Stringer Touts immigrant economy

| 16 Jan 2017 | 02:57

Immigrants in New York City earn about $100 billion in total income — or about one-third of the city’s total earnings, according to a recent report from city Comptroller Scott Stringer’s office.

Stringer highlighted as much during a community forum last week, juxtaposing that earning power to President-elect Donald Trump’s suggestion that his administration would cut billions in federal funding to New York because of its status as a so-called “sanctuary city” — one that does not use city resources to enforce or prosecute people who are in the country without authorization.

“Without the immigrant population of New York there wouldn’t be an economy to speak of,” Stringer said at the meeting, held at the Youth Hostel on Amsterdam Avenue on Jan. 11 and attended by about 100 people. “As Democrats, we need to talk about the practical impact people of diverse backgrounds have on New York City — at the end of the day, diversity produces better economic results.”

According to the report, the city is home to more than 3.3 million immigrants from more than 150 countries. Together, they own 83,000 businesses, and comprise 51 percent of city business owners.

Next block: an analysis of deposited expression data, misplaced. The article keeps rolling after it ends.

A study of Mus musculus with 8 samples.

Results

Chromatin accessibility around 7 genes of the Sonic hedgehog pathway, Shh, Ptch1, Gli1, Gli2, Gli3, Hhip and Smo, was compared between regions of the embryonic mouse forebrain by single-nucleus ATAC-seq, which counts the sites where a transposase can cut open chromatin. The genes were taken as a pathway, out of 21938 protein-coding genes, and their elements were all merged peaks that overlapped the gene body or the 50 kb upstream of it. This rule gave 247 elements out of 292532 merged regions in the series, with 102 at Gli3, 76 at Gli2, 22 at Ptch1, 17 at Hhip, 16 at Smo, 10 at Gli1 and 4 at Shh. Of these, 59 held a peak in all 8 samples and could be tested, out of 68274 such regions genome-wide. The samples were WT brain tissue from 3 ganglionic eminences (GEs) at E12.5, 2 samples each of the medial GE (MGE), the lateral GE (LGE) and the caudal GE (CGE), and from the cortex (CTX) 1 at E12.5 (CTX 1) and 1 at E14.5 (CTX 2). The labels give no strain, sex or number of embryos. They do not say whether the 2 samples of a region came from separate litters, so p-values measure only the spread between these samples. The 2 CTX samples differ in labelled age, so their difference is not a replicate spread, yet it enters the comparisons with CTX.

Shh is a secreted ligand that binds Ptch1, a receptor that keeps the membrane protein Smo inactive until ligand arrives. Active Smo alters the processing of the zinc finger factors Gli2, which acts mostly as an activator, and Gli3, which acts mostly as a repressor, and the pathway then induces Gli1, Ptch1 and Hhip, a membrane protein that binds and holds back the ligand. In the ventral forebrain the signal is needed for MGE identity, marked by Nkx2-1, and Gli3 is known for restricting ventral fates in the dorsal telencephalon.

Stringer said he tweeted the report’s results to Trump. At the forum, Stringer said “we should be tearing down the walls and letting in as many people in — because that’s what builds the economy.”

He also cautioned that if the Trump administration does withhold federal funds to the city, the resulting shortfall would fray the city’s safety net, as well as cut into affordable housing initiatives and increase homelessness.

“If they strategically cut those dollars then we have to somehow piece together half of a city agency,” he said.

Stringer said that could add up to the most severe financial crisis since the 1970s when the city went nearly bankrupt. Given those stakes, Stringer said, “It’s important that New York City and New York State stop arguing and start strategizing.”

Stringer said it was important that heads of the city’s social agencies work closely with congressional delegates to figure out what money can be allocated from where to close any resulting financial gaps.

He also encouraged those in attendance to help rebuild the Democratic party by, in part, doing a better job of communicating why liberal ideals were in the best interest of the nation. For example, he said, a pro-immigrant stance is also a economically sound one, as demonstrated by the report’s determinations.

Cynthia Doty, president of Three Parks Independent Democrats, which hosted Stringer’s discussion, said she appreciated Stringer’s viewpoint and the report’s conclusions.

“It didn’t surprise me, but it was good to see the numbers. It’s important to have the facts,” Doty said. “The new administration doesn’t seem to care about facts — if they read them at all. It’s important for us to read it and spread the word about it.”